At the time of Caliph Abd al-Malik (685-705), the Arabs were advancing in their conquest westward through North Africa. The caliph’s army, led by his general Hasan ibn-Nu’man, captured Carthage and marched west to impose Islam on the free Berber tribes. Led by their queen, the tribes resisted fiercely on the slopes of the Aures, using a powerful army of camelry. Hasan was defeated (688) and the Kahina took many prisoners, whom she released, with the exception of one youth, Khalid ibn Yazid. The Kahina adopted Khalid and treated him like her two other sons.
The defeated general, Hasan, retreated and settled at Barca to await the caliph's instructions. Five years later, Abd al-Malik sent reinforcements and orders to attack the Kahina.
In the meantime, the Kahina had devastated the fertile coastal region and cities to discourage the Arabs whom she thought coveted the riches of the country. Her policy created internal dissension that undermined her popularity among the people. Furthermore, Hasan received information from Khalid, her adopted son, who had become a double agent. Before the battle took place, the Kahina foresaw that she would be killed and the Berbers defeated. She said she had seen her head cut off and brought to her enemies. She made Khalid return to the Arabs and take along her two sons to save them. She herself resisted the conquerors to the end and was killed in battle in 695 at a place later called Kahina’s Well. .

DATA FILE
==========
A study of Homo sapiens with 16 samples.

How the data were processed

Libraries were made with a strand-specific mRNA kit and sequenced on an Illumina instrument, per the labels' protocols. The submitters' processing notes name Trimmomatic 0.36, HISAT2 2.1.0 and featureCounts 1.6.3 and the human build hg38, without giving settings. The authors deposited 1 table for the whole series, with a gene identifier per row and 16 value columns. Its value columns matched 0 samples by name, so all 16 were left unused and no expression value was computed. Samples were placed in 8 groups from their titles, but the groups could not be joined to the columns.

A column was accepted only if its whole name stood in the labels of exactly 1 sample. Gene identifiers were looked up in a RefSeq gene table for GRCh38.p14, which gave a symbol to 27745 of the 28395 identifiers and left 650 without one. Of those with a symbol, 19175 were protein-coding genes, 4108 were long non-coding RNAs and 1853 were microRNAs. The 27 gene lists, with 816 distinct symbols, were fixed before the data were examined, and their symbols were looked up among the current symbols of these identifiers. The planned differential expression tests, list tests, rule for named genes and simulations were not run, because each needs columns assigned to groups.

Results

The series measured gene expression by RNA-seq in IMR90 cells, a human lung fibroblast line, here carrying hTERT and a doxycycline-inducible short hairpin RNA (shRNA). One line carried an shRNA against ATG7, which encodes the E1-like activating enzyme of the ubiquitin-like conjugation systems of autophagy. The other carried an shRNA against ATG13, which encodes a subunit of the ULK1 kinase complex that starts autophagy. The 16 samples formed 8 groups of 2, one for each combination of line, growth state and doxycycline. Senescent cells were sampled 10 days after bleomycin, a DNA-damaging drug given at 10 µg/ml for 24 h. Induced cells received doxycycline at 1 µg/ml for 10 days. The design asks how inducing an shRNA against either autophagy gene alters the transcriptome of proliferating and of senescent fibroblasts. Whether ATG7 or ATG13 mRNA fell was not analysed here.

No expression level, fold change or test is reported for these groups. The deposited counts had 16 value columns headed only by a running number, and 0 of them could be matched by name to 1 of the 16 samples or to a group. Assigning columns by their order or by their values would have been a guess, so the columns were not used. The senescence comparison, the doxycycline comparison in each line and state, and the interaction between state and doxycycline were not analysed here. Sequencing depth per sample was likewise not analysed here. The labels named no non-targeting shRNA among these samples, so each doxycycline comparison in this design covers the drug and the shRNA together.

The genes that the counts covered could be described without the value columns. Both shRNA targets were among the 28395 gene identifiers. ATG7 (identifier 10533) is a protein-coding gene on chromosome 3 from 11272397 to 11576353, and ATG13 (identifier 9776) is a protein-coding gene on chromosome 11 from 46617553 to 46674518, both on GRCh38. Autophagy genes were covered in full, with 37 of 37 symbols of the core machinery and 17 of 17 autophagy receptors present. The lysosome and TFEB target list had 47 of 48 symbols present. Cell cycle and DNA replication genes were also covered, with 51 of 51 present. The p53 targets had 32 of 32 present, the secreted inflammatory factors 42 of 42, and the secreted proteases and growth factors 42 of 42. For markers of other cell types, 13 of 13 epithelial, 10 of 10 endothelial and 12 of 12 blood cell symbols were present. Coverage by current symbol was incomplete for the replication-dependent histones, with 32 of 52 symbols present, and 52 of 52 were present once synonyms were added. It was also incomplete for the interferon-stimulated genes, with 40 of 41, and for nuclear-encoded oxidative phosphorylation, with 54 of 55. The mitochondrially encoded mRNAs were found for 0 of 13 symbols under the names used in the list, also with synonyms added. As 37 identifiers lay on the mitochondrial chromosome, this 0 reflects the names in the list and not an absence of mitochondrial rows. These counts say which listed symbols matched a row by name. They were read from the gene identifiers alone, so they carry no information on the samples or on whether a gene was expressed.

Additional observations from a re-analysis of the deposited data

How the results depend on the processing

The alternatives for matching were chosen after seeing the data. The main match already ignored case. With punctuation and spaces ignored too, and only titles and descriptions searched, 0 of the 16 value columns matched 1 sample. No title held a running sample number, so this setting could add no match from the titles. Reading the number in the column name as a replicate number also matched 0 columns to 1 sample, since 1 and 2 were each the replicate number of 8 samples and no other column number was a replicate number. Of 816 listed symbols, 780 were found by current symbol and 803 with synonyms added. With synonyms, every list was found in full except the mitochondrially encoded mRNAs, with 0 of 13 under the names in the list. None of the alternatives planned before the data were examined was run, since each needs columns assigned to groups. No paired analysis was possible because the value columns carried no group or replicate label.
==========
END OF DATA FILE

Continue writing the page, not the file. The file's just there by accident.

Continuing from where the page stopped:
The Kahina ruled with an iron hand for thirty-five years and blocked the Muslim invasion of North Africa for several years, leading her own tribe and other tribes of the region in battle. After her death the Arabs were able to complete the conquest of all North Africa to the Atlantic and Islantize the Berber tribes, then invading Spain with Berber troops.
According to one tradition, her sons, following her dying instructions, surrendered, were converted to Islam, and were given a military command, helping in the subsequent conquest and Islamization of the region.